THE WRAP: More Nokia cuts, and another delay in India

This week the telecom industry went on a continuous loop as Nokia made more cuts, India again delayed its 3G auction and more Nortel parts were snapped up.

Ciena bid $769 million to win Nortel’s Ethernet and optical assets. Ericsson added Nortel’s North American GSM business to its collection.
 
Nokia twice announced job cuts, unloading hundreds of R&D staff in Europe and Japan, and hooked up with Infineon for LTE product development. 
 
India’s 3G auction faces yet another delay as telecom and defense officials work to make spectrum available, while Indian cellcos went through another bout of price-cutting.
 
Ericsson and NEC withdrew their complaints to the EC over Qualcomm’s licensing practices.
 
The first malicious iPhone worm appeared in the wild, while the device will go on sale at UK supermarket Tesco by Christmas. 
 
Tata Communications signed up five Middle East telcos for a future Gulf cable.
 
NTT DoCoMo announced plans for a nationwide network of environmental sensors to measure CO2, pollen and other items.
 
CSL began LTE field trials in Hong Kong. SmarTone will deploy HSPA+ in Macau. Ofta will sell more spectrum for mobile data. 
 
Rupert Murdoch’s News Corp considers removing its news content from Google and making it exclusively available through Microsoft’s Bing. 
 
In one year, Android has won 11% of smartphone web traffic.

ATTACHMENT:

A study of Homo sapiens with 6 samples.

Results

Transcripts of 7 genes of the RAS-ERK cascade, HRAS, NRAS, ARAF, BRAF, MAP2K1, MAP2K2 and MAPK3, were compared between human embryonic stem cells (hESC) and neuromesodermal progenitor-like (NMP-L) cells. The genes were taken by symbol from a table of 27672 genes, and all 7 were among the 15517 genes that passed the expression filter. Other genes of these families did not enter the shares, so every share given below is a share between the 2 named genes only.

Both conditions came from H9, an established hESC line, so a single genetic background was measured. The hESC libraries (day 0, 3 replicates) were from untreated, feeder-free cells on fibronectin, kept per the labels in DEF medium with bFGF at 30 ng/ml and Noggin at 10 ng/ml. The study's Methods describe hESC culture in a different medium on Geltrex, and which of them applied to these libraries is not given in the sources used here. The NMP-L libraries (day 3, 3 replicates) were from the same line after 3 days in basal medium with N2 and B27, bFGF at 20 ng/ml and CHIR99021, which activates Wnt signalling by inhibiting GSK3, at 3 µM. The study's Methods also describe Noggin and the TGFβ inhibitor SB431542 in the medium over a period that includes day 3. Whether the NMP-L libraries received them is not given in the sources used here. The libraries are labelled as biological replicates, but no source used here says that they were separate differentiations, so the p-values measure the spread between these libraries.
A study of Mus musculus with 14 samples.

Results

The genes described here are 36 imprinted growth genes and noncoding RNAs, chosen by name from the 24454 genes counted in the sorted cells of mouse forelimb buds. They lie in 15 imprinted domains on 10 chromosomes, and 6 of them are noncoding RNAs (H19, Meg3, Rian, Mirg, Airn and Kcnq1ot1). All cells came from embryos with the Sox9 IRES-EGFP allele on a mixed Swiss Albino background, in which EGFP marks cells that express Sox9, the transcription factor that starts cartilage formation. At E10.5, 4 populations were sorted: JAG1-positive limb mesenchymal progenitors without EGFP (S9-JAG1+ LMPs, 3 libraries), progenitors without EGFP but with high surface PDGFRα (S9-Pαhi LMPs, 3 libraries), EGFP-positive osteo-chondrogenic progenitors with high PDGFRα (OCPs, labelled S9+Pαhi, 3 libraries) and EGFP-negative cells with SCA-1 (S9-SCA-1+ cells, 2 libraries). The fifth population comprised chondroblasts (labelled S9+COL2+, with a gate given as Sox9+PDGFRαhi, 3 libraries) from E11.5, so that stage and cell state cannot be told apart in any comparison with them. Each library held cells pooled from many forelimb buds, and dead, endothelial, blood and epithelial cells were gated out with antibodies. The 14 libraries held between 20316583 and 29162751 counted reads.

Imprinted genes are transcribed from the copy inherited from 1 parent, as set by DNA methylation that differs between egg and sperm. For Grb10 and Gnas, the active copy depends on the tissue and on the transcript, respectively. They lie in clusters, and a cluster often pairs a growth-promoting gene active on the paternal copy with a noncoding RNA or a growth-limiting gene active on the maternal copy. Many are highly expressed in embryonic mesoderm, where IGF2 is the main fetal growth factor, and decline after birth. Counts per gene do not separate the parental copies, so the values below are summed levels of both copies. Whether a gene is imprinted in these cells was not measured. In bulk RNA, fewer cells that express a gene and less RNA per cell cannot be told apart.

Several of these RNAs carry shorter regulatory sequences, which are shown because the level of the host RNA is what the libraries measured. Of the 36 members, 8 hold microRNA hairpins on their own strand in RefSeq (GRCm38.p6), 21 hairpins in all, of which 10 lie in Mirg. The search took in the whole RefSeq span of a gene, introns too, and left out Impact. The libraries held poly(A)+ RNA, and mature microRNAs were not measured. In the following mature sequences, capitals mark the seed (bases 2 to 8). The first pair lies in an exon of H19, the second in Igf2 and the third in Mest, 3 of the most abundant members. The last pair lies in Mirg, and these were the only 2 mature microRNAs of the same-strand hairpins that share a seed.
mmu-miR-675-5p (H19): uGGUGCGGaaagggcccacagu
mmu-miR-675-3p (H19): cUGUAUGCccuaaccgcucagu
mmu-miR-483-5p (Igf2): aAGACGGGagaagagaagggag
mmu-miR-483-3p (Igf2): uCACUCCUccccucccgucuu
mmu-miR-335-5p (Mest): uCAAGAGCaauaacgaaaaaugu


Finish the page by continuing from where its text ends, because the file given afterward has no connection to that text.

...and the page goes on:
Wikileaks issued transcripts of 500,000 pager messages sent in New York on 9/11.
 
Microsoft appointed a new CFO. Inmarsat acquired Segovia to help expand its US military and government business.
 
France Telecom merged its Swiss unit, Orange, with TDC’s Sunrise to create a bigger competitor against Swisscom.
 
The Australian government failed in its goal to get its bill to split Telstra passed by Christmas, and will try again in February.
 
A Soros fund and other investors stumped up $350 million for a pan-African mobile towers venture.

Google apologized over an offensive photo of Michelle Obama that appears prominently in the image search results for the US First Lady, but said it would not remove it from its index.
 
Italian prosecutors called for prison sentences for Google executives over the posting on YouTube of a video of youths bullying a disabled boy.
 
A couple crashed a White House state dinner in honor of the Indian prime minister and later posted about it on Facebook.
 
And Long Island police arrested a singer for not using Twitter to disperse an unruly crowd.